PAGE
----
In Korea, perhaps more so than anywhere else, educational success equals socioeconomic status. South Koreans view education as the main driver of social mobility, for themselves and their family. Graduating from a top university is the ultimate marker of high status and the pressure is on from an early age.
Competition and studying hard to be the best is deeply ingrained in the psyche of Korean students; the entire environment surrounding the child (parents, family, and teachers) is actively involved and geared towards the same goal: to be test-ready and succeed. Students have a clear path and a clear purpose in mind at the start of their educational journey.
Why do South Korean students consistently dominate league tables?
According to global expert on education reform Sir Michael Barber, Korean culture “prizes effort above inherited ‘smartness’”, and believes long hours studying and hard work will eventually pay off.
Research has found the attitudes and strong beliefs of Asian parents make an important contribution to their children’s academic success. Researchers from Stanford University say Asian children find motivation to succeed in parental expectations.
Australian children with East Asian parents outperform their Australian peers, with researchers finding East Asian children spent 15 hours a week studying after school (9 hours for Australians), and have a stronger work ethic and higher aspirations (94% of them expect to go on to university).
Experts and heads of state, from US President Barack Obama to former Australian prime minister, Julia Gillard, often cite Finnish schools or the “Asian Model” as the panacea to improve our education systems.
The fact that American children “spend over a month less in school than children in South Korea” will, according to Obama, in “no way prepare them for a 21st-century economy”. This belief seems to increasingly resonate in the corridors of power in many parts of the educational world.
Is the South Korean educational model replicable?
“To be a South Korean child ultimately is not about freedom, personal choice or happiness; it is about production, performance and obedience,” argued Yale academic See-Wong Koo. This statement seems miles away from recent reports by education company Pearson and the OECDplacing South Korea at the top of the education league tables.
While Finland is considered a non-competitive system of education, South Korea’s is often described as very stressful, authoritarian, brutally competitive and meritocratic. It emphasises high pressure and high performance, particularly for the 640,621 students who took the eight-hour long suneung (College Scholastic Ability Test) nationwide in November 2014.
This event is critical in the life of South Korean families – entry to one of the three most prestigious “SKY” universities (Seoul National, Korea and Yonsei) will basically determine social status for most of their lives and will secure a highly-paid job in one of the chaebols (family-owned business conglomerates).
Education at all levels and particularly in science and engineering, is viewed as a key to upward mobility in the still highly stratified Korean society. As a consequence, a new phenomenon has emerged in recent years: Dwaeji Omma, or “Pig Mums”.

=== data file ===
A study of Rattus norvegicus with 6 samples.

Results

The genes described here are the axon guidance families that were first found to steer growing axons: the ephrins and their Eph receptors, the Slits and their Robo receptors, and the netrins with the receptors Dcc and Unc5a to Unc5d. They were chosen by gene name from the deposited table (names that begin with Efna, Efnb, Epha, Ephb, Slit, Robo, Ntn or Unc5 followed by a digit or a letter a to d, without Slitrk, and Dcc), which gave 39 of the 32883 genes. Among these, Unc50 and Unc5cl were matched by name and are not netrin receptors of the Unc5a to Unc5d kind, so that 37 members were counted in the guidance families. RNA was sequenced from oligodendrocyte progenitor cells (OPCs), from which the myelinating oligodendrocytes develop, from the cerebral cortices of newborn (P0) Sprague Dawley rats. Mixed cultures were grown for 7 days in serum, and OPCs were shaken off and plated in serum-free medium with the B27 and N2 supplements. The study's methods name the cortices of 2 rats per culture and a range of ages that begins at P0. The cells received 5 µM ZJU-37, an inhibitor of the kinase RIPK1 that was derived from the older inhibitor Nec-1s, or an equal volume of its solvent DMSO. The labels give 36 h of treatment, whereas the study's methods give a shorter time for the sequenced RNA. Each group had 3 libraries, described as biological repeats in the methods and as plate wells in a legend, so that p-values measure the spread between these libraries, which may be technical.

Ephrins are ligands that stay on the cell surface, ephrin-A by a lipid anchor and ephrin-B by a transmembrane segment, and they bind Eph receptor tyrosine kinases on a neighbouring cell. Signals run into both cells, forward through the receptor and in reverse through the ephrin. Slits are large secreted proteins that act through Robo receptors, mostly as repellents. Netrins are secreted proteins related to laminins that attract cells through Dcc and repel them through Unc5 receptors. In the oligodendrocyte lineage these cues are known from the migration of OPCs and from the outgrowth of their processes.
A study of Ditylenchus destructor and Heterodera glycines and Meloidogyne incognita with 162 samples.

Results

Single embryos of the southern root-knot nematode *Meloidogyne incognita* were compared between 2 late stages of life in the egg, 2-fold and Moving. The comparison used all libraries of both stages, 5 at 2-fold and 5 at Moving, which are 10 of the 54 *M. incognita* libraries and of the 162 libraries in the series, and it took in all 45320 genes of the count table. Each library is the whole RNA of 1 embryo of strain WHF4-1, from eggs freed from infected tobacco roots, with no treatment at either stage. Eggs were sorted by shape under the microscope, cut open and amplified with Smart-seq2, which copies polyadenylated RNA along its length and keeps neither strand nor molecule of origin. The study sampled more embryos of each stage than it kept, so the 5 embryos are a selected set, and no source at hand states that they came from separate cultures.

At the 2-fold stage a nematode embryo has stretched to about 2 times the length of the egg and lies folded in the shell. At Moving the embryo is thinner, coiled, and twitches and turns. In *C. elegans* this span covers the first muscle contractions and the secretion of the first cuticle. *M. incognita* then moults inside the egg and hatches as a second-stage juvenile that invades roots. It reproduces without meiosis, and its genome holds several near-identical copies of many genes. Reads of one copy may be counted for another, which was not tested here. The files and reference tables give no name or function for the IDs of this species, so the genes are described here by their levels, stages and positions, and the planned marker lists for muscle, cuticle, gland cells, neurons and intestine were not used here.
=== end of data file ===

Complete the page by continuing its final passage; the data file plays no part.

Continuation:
A Pig Mum does her research thoroughly and keeps her eyes on the ultimate target: a Korean Ivy-league university for her child and her “adopted” children (those belonging to her Pig Mum network); she plans every step of her kid’s educational journey and all the extracurricular (studying) activities, attends all the best schools’ open days, organises strategic planning reunions, bullies, lobbies and even bribes private schools and private teachers to skip admission lines if necessary.
Should South Korea’s system be adopted to remedy Western education’s ailments?
The intense pressure to succeed no matter the cost is taking its financial and social toll: as university places are limited, Koreans spend over $18 trillion won (A$20 billion), around 20% of household income to pay for after-school private academies called hakwon. 75% of all children attend a hakwon, mainly at DaeJi Dong, Seoul’s study Mecca.
Research has found that Asian-American students are more likely to have conflicted relationships with their parents over unmet expectations and more self-image issues than white students.
The 2014 Youth Happiness Index found for instance that only 67.6% of Korean youth said they are satisfied with their life (OECD average is 85.8%), mostly because of study pressure.
South Korea has one of the highest rates of suicide (28.9%) in the OECD. South Korean novelist Young Ha Kim wrote in an op-ed that suicide is the “No.1 cause of death for people between the ages of 10 and 30”.
Korea also ranks among the highest for household debt, depression, divorce, and alcohol consumption. It has been argued South Korean education produces overachieving students who pay a stiff price in health and happiness.
Neither does a focus on credentials, tests and entrance exams give South Korean students the skills (like creativity and teamwork) to succeed in higher education or in an increasingly difficult local job market.
So while other countries may envy South Korea’s positions in the league tables, there are cultural factors that mean this focus on hard work probably can’t be replicated elsewhere, and given the societal collateral damage, probably wouldn’t want to.